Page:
Benson Toti

EOS coin could be heading for a period of decline following news that many of the blockchain’s producers are losing money. Due to the current level of interest from those wanting to buy EOS, the price is at a point where those contributing to the blockchain aren’t able to make any money.

News of what’s seen as a fundamental flaw in the EOS reward system came via an altShiftdev survey by the creator of My EOS Wallet. Of the 26 block-producers surveyed, all commented that they are currently losing money by processing blocks of EOS transactions. The reason for the drop in earnings is down to the project’s flat compensation fee. Unlike blockchains such as Bitcoin (BTC) that adjust payments based on the current price of the coin and the difficulty of processing a block, EOS has a flat 1% reward.

EOS Not Producing for Producers

Initially, limiting payments was to ensure producers didn’t earn too much. In essence, this was to disincentivize mass blockchain mining outfits from dominating the network and, in turn, having some level of control over it. However, as the price of EOS has fallen from $24 in May to around $2, the flat structure has resulted in financial losses for producers. As per the survey, around $4.50 is the breakeven point. Therefore, at the current level, EOS block producers are having to spend their own funds just to stay afloat. In light of the recent news, members of the community have called for a dynamic compensation structure.

“A full 73% of BP surveyed want Dynamic Inflation, knowing full well it would limit their profits in bull markets and almost 35% of them were too worried about losing their current votes to do anything about it, even while on the verge of bankruptcy,” reads the recent survey.

EOS survey

EOS survey could be bad news for blockchain.

Without making changes, the number of block producers will gradually decline meaning the blockchain would eventually come to a standstill. At this point, EOS transactions wouldn’t be processed and the network would, essentially, be dead. However, the EOS team have showed they’re not afraid to innovate. In September, a vote was taken to reduce the cost of creating an EOS account for developers. After 15 block producers agreed to the move, the cost of creating and running decentralized apps (dApps) on the network was reduced by around 25%.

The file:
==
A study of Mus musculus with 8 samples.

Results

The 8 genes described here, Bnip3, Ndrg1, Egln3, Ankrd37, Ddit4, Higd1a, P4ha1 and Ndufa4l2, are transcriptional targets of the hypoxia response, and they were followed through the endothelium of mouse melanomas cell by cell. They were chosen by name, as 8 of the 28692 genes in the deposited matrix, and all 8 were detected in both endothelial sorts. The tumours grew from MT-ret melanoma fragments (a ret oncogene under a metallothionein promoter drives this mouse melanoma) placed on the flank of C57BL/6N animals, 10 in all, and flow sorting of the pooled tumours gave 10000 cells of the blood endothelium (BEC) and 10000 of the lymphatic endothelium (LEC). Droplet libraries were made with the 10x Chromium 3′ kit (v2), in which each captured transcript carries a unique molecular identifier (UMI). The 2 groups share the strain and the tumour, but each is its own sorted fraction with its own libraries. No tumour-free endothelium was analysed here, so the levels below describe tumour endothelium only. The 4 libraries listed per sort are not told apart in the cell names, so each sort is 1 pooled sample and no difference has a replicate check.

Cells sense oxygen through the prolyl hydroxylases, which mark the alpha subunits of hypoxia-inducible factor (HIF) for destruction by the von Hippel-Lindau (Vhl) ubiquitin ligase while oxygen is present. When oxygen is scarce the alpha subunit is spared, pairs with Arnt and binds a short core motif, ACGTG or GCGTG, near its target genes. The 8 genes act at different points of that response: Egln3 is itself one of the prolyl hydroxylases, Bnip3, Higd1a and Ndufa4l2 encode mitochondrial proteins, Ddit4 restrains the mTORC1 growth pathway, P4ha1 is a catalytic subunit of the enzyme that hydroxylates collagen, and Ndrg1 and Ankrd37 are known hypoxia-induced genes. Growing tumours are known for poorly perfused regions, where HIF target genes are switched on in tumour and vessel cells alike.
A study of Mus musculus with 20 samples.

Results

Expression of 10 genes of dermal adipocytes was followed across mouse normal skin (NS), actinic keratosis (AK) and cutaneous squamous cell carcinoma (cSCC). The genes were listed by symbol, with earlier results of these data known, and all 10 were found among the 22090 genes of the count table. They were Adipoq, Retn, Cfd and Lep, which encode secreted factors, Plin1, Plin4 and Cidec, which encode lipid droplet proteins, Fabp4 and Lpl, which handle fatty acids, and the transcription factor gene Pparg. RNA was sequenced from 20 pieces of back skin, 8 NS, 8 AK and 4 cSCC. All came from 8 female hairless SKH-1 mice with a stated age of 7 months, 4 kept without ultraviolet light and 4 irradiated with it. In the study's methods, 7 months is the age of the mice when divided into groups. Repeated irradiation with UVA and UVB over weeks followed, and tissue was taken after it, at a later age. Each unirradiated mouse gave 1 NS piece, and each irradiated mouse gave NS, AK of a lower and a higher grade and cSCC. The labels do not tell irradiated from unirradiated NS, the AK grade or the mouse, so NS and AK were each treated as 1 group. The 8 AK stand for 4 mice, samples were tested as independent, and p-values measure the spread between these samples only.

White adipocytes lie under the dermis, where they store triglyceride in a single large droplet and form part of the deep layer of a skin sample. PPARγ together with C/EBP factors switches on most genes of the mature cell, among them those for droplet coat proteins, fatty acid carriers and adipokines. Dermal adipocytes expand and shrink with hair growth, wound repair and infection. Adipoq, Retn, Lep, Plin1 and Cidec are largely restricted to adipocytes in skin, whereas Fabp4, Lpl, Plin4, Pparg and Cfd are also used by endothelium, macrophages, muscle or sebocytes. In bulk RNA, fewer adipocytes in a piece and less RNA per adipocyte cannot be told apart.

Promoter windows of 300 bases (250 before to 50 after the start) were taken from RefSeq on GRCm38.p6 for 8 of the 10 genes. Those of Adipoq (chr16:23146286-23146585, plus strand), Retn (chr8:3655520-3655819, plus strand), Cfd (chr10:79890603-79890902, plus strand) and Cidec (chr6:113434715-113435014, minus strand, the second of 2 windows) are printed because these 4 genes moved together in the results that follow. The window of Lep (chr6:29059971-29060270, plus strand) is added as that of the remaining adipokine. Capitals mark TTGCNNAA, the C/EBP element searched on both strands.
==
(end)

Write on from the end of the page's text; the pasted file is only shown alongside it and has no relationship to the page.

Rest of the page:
EOS Has the Power to Innovate

As well as innovating, EOS has also shown its resilience this year. A security breach on October led to counterfeit EOS coins entering the market. Despite taking an initial hit, the price-per-token didn’t completely crumble under the weight of the bad news. With that being the case, there is hope for those that currently own EOS. What’s more, with the issue now out in the open, the likelihood of change has increased dramatically. Although a solution may take a while to materialize, the evidence suggests that those with a direct influence on the EOS blockchain want things to change. If that happens, there’s no reason this coin couldn’t rally in the first half of 2019.

*Information in this article should not be taken as investment advice.